J.S. Hamilton Poland is a ‘leading’ European testing laboratory with ‘state-of-the-art’ analytical devices and a team of experts with experience in the safety and compliance evaluation of food packaging. In this edition of The Spotlight, the company underlines the importance of screening and certifying food-safe packaging for industrial use.

Food safety is the main driver for the development of modern packaging – especially nowadays, due to global discussion about the circular economy.

The basic task of packaging is to efficiently protect food against its external surroundings, especially from chemical and microbiological contamination, oxygen and water vapor diffusion, or light penetration. It is essential for extending the shelf-life of packaged food and preventing food waste as consequence.

But food packaging causes growing issues due to its high production volume, disposability, problems with waste management, and negative impact on our environment. Reduction, reuse, recycling, and biodegradability topics, as well as packaging redesign, strongly support the goals of the circular economy.

However, recycling may increase the levels of unforeseen and potentially hazardous chemicals in the packaging material, and therefore too-high migration into food. Since exposure to certain chemicals migrating from food packaging can cause serious health risks, like chronic diseases, it is necessary to assess the safety and quality of packaging.


It is often a great challenge for producers to use innovative raw materials, coatings, and post-consumer recycling additives to produce more and more ecological and safe packaging. Such modern packaging should be recyclable or contain recycled material, without having a negative impact on the environment, while ensuring that it is food-safe and compliant with relevant regulations for food contact materials (FCMs) and articles (FCAs). That’s why the hot topic is the safety of non-intentionally added substances (NIAS) as migration from food packaging.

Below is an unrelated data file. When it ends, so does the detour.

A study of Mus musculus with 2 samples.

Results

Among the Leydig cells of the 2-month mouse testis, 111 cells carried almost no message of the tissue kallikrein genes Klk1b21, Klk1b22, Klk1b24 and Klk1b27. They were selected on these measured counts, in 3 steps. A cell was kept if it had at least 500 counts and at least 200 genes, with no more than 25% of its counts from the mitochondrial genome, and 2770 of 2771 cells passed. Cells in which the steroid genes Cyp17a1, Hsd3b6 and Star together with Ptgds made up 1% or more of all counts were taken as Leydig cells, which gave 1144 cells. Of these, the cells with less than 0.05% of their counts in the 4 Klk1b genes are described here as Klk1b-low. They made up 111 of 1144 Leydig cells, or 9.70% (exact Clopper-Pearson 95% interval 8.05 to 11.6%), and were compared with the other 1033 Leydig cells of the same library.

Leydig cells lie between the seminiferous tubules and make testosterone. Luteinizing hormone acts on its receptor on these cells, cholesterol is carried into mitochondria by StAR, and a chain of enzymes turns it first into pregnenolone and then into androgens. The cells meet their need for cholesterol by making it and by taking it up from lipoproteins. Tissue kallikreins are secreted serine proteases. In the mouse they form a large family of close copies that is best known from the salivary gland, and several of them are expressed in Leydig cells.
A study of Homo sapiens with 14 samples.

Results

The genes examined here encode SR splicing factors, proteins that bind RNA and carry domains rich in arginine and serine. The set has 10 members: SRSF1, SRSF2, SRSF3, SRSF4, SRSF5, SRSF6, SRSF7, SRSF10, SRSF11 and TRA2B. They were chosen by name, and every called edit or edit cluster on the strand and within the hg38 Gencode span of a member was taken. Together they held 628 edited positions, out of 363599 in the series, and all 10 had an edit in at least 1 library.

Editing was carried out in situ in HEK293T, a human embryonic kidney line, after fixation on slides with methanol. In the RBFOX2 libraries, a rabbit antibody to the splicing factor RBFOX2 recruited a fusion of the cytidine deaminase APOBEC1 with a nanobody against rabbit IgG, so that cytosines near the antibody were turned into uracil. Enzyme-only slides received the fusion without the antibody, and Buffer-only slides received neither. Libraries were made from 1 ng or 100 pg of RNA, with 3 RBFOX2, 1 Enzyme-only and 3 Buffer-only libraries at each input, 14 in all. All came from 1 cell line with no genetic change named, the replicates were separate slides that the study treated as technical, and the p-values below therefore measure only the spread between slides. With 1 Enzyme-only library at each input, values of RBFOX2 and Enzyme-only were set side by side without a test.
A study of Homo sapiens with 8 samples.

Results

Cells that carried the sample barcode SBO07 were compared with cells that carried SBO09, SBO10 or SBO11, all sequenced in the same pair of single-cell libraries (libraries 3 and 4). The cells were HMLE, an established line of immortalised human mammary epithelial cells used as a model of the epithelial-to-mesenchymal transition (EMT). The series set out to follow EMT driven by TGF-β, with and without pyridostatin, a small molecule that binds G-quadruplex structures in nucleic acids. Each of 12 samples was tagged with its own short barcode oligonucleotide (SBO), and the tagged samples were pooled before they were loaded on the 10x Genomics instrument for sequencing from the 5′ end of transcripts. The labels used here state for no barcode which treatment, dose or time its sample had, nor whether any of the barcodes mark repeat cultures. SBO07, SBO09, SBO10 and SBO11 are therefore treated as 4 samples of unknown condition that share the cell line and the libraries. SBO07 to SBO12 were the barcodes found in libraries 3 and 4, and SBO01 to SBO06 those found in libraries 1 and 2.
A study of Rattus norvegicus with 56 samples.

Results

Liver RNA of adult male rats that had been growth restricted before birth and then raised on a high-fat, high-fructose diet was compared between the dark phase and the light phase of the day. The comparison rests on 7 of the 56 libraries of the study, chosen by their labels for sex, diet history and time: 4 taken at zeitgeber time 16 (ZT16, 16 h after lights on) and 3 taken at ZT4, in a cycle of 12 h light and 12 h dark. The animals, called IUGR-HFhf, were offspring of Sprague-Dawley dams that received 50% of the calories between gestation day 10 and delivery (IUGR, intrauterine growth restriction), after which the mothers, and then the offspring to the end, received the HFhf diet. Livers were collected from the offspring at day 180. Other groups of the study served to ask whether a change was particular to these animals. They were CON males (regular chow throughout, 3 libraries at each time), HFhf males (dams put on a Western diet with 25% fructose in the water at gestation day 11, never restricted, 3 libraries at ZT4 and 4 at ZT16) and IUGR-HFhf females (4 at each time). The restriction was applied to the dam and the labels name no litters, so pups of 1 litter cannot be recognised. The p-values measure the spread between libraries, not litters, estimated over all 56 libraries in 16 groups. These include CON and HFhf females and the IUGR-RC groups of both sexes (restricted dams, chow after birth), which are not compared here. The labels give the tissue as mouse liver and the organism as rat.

Moreover, most of the chemicals migrating from food packaging are unknown. Most of them are impurities and reaction products, oligomers, by-products, and degradation products of additives. That’s why packaging producers need reliable partners who will support them in this task.

To ensure that packaging is in line with EU food safety regulations, Regulation (EC) No 1935/2004 and Commission Regulation (EU) No 10/2011, as well as special Brand Owners’ requirements, both target and non-target analyses are of critical importance.

To cover a wide range of NIAS, several screening techniques are necessary. In order to include organic/non-organic, polar/non-polar, volatile/non-volatile, or metallic/non-metallic substances, we use the following screening methods to guarantee reliable safety evaluation:

  • LC-QToF-MS

  • GC-MS/FID and GC/MS

  • Headspace-GC/MS

  • ICP-MS

  • Primary aromatic amines (PAAs)

  • Mineral oils (MOSH, POSH and MOAH)

  • Targeted analyses of specific substances – monomers and functional additives, catalysts and production aids (SMLs)

  • Targeted analyses of substances of special concern, like bisphenols, phthalates, SCCP/MCCP, photoinitiators and acrylates


The identification of detected NIAS is done using databases, relevant literature, in-house knowledge, and available data concerning the starting materials. Risk assessments of detected NIAS are generally performed using available toxicology data, existing restrictions, scientists’ opinions, and the TTC-approach (Threshold of Toxicological Concern), recommended by EFSA and organizations, like ILSI, EuPIA, Cefic FCA, or FoodDrinkEurope.

Additionally, we propose our very special tool, the “Food SAFE” certification scheme, to prove and communicate to your clients that your product is unique; that safety and compliance verification is under the control of experts in this field.

Contact us to find out more.

This content was sponsored by J.S. Hamilton Poland.